Recalibration. If you have preconceptions of what the 3-Series has been and should be, it's what you need to do when first getting behind the wheel of the new 3-Series Gran Turismo.

That's not simply because while the 2014 BMW 3-Series GT is a hatchback and the 3-Series sedan has a trunk; there's a lot more that's different between these two models. Although with the 3-Series Sports Wagon you might get essentially the same driving experience as the sedan, what we found in the Gran Turismo was quite different—a softer, more passenger-oriented experience, really.

But the more time we spent with the 3GT, the more we grew to appreciate it as its own model—rather than an odd niche variant of the 3-Series, as some might see it.

First off, the 3-Series GT lands in some new territory for BMW. At about four inches longer in wheelbase and eight inches longer overall than the 3-Series sedan, it has nearly the footprint of a U.S. mid-size sedan, and is just three inches shorter than the 5-Series sedan.

From the front doors forward, the 3-Series GT looks deceptively close to the sedan—only if you're a BMW aficionado or if you happen to be parked right next to a 3-Series sedan will you or others really be able to pick apart where the 3GT is different. The hoodline is definitely a bit higher; so is the beltline; and the sheetmetal's actually completely different, even in front.

Behind the front doors, of course everything's different. And the smooth, broad arc of the roofline, from the top of the windshield header to just a couple inches ahead of the rear lip spoiler, is one of the keys to how this design doesn't really have any awkward angles. It's very nicely penned, and ends up looking light and restrained—not heavy (and rear-heavy) and overwrought as the 5-Series Gran Turismo model that's been around for a few years.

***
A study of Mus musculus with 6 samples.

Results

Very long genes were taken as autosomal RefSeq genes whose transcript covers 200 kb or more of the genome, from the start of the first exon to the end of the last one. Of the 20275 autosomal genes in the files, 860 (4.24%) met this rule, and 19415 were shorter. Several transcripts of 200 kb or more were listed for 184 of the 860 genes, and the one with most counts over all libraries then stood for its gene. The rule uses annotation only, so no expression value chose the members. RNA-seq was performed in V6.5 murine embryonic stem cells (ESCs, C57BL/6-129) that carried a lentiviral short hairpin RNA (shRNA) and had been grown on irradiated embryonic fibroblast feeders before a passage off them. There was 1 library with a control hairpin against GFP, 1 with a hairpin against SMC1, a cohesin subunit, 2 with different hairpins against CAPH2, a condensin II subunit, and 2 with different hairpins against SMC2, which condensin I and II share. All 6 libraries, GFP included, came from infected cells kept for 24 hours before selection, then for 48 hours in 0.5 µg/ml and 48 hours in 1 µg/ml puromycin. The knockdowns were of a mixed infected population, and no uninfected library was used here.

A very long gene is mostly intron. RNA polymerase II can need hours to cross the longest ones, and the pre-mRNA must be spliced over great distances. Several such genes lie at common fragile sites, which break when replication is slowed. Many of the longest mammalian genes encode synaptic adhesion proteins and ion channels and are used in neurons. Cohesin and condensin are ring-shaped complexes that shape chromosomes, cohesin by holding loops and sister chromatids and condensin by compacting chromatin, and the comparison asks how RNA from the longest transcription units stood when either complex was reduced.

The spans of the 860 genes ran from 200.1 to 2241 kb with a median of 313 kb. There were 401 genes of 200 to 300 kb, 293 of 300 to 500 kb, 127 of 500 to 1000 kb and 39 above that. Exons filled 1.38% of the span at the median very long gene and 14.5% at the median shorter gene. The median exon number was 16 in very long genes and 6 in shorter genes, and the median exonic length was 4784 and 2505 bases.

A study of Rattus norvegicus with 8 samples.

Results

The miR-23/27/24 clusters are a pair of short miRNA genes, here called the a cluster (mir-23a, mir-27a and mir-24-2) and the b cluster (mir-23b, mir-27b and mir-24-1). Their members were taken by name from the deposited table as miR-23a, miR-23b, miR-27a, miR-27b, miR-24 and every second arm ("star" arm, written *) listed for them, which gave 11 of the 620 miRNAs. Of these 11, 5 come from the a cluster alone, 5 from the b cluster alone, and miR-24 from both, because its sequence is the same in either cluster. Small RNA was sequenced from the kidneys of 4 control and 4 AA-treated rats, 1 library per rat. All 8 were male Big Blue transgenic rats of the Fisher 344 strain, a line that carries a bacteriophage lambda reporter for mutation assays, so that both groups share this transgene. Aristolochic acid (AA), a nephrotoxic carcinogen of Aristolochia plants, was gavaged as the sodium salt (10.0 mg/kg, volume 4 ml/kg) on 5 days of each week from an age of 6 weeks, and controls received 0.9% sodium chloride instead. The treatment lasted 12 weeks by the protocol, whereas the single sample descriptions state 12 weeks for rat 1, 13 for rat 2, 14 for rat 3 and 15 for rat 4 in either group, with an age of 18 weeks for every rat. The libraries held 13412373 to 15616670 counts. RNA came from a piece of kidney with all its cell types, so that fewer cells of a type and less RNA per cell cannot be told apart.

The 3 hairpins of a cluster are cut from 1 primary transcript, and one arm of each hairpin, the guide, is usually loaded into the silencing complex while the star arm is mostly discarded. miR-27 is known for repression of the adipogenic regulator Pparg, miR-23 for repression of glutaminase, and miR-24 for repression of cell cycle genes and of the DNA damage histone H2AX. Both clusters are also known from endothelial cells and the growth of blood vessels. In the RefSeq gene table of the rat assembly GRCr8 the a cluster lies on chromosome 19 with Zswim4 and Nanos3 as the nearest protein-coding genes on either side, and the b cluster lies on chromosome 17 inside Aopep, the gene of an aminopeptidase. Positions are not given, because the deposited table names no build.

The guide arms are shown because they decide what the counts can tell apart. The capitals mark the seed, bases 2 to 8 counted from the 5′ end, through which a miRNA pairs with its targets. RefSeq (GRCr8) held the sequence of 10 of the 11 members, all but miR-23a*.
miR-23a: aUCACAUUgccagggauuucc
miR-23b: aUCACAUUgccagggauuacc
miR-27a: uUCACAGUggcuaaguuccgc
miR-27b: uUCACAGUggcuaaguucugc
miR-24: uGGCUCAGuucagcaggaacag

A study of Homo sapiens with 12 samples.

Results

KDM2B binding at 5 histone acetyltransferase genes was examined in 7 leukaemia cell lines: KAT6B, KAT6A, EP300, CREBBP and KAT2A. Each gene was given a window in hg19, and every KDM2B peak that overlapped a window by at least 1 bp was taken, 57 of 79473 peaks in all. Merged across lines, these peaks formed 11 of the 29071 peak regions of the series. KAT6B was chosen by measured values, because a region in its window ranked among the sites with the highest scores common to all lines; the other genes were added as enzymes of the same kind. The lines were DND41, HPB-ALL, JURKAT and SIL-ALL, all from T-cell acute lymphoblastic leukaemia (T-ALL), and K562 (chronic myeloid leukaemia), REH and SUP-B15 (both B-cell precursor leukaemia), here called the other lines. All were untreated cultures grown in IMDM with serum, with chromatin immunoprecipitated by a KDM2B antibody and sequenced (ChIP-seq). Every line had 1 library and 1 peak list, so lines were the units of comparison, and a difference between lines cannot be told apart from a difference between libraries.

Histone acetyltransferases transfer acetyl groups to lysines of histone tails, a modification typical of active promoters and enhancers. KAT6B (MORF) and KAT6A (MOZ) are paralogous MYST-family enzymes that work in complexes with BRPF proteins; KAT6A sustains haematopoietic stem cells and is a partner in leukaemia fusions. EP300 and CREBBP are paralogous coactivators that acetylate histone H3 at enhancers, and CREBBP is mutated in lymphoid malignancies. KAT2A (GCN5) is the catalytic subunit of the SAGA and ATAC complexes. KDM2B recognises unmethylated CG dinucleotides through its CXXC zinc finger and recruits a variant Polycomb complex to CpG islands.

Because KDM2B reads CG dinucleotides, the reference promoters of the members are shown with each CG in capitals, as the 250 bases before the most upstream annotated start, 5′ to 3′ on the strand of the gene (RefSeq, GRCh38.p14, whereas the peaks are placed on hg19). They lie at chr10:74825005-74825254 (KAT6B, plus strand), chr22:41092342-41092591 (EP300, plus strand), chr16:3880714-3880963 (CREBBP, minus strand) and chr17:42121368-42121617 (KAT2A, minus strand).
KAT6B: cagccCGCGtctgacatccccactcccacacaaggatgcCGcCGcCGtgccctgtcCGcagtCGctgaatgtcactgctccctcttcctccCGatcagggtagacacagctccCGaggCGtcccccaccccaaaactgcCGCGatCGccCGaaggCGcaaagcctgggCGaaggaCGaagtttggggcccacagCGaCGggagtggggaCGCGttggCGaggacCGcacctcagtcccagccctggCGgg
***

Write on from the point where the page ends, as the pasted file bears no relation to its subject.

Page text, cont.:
A little higher, without the rugged pretense

An asterisk here is that BMW hasn't tried to pull a Subaru Outback recast (or Volvo XC) on the 3-Series to get to the GT. There are no rugged cues added on; and we find that refreshing.

You sit about two inches higher in the front seats of the 3GT than you do in the 3-Series sedan, yet the GT has essentially the same dash and door trim, part and parcel, as the sedan; and overall, the driving/seating position feels like a sort of middle ground between the 3-Series sedan and X3. In back, there's lots more legroom—more than in the 5-Series sedan, BMW likes to boast—although headroom might be tight for those over six feet tall.

Despite the slow-sloping hatch, which makes some of the cargo space quite unusable, BMW has made the most of it. The hatch opens high and wide, and it includes a power-opening mechanism in case your arms can’t quite reach it. And within, there's a two-piece parcel shelf, and storage areas alongside and underneath.

While the 3GT looks light, it's hefty on the scales, with a curb weight approaching 4,000 pounds in base 328i form. The 328i GT weighs about 450 pounds more than the 328i sedan and just 200 pounds less than the X3. And it's just three inches shorter and about 100 pounds heavier than the 528i.

Looks and drives lighter than it is

Yet much of how the 3GT is tuned seems to attempt to counter than feeling of heft. And it mostly succeeds. The light, quick-ratio steering feels way different than that used in the sedan, but that, along with the near-instantaneous torque delivery of the familiar 2.0-liter turbo four (240 horsepower and 258 pound-feet of torque) and quick-witted eight-speed automatic help make this big hatch feel responsive and quite nimble. That's a big departure from the 5GT, which offers more passenger space but really does drive more like an SUV.